There are a lot of myths and misconceptions about raw feeding and it seems the poor egg is often dragged through the mud as a dangerous food for dogs.
In fact, one of the most asked questions here is, can I add eggs for my dog’s diet?
(We have a great article that talks about eggs and 4 other essential foods to add to your dog’s raw diet. Click here.)
Opponents of eggs claim that they are too high in cholesterol, they pose a risk of salmonella and that they cause a biotin deficiency.
To that, we say nonsense!
Eggs are not only a cheap and safe source of raw food for your dog, they are one of the most complete and nutritious meals you can choose!
6 Reasons To Give Your Dog Eggs …
1. Eggs are a complete food source
Eggs are an important source of nutrition for not only many predators, but for the chick living inside it. Inside the egg are all the nutrients necessary to grow a new chicken. Eggs are also one of the most complete sources of amino acids, the building blocks of protein.
2. Eggs are a good source of:
- Vitamin A
- Vitamin B12
- Fatty Acids
3. Egg whites contain enzyme inhibitors
One of the reasons pet owners are warned off eggs is that the whites contain enzyme inhibitors which can interfere with digestion, especially in very young and old animals.
This is true, but it only means that eggs should not be the mainstay of the diet.
It is perfectly safe to feed several eggs a week to the average dog. If you don’t see evidence of digestive upset when feeding eggs to dogs, then he should have no trouble if eggs are a regular part of his diet.
Cooking the egg white could solve this problem but much of the nutrition would be lost so it is best to feed it raw.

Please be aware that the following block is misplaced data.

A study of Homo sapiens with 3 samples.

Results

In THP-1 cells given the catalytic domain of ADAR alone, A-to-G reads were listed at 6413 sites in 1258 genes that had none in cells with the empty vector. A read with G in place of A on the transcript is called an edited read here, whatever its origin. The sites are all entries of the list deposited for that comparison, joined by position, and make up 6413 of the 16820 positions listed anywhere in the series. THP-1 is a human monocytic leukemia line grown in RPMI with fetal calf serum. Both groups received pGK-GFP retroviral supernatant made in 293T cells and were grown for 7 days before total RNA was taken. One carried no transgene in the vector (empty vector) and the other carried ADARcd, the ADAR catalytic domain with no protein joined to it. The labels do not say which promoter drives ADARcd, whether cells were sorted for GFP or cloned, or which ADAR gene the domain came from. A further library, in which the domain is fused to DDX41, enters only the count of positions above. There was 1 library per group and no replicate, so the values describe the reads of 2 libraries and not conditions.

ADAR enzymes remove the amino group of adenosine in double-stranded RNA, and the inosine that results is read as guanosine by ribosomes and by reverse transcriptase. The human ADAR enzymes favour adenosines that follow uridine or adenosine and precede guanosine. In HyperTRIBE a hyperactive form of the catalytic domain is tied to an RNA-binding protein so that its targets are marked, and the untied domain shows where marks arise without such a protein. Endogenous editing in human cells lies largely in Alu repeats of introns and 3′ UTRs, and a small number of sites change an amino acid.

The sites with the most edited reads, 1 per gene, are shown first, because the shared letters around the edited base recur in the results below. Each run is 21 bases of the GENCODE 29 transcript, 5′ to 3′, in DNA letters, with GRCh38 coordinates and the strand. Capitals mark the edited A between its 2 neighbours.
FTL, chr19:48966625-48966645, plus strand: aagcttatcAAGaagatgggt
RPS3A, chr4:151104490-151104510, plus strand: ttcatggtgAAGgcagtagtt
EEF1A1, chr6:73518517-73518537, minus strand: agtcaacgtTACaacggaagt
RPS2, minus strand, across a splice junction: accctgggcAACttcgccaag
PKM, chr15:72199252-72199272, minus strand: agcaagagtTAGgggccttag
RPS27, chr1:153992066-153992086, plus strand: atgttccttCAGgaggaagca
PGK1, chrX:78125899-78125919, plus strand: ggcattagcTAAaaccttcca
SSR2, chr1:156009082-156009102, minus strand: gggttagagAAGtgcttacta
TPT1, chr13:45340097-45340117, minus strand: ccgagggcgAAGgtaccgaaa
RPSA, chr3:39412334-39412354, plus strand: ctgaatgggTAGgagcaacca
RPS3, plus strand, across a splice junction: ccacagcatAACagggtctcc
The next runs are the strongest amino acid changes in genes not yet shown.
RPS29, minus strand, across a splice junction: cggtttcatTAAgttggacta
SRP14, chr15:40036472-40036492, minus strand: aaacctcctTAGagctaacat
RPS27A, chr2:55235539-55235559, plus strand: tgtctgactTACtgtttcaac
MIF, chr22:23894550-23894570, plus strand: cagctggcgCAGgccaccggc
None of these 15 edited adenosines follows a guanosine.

4. Egg whites cause Biotin deficiency
Egg whites contain avidin, a Biotin (one of the B vitamins) inhibitor. Biotin is one of the B vitamins and is important for cellular growth, fatty acid metabolism and good skin and coat. Biotin deficiencies are quite rare and it would take an extraordinary amount of eggs to create a deficiency.
Moreover, egg yolks are very high in biotin, so as long as you feed the entire egg, there are few worries. There are other sources of biotin in the diet as well. Liver is a particularly good source.
Once again, cooking the egg white will eliminate the risk but your dog will lose much of the nutritional value. If feeding your dog eggs on a regular basis, simply make sure he gets the whole egg, not just the white.
5. Eggs contain salmonella
Dogs are well equipped to handle the bacteria in raw foods. The health of the hen is also important, so it is best to choose eggs from organic, free-range chickens.
Proper storage and keeping the eggs cool will also go a long way toward keeping the harmful bacteria at a manageable level.
6. Don’t forget the shells
If eggs are fed with the shell on, they are a nearly complete food source for dogs. The shells can also be valuable for dogs who have difficulty eating bones.
Simply dry the shells out and grind them in a clean coffee grinder until they are powdered and sprinkle the powder on your dog’s food.
It’s important to remember that many eggs are sprayed with a chemical to make them look shiny, so it is best to get your eggs from a local organic farmer.
Eggs are cheap, easily obtained and an outstanding source of nutrition for your dog. The overall concensus with raw feeders is that the health benefits of eggs certainly outweigh the risks – and feeding eggs whole, the way nature intended, goes a long ways to counteract harmful imbalances.
Try feeding your dogs a few eggs a week and you’ll see better health, inside and out.
(What other raw foods should your dog be getting in his diet? Click here.)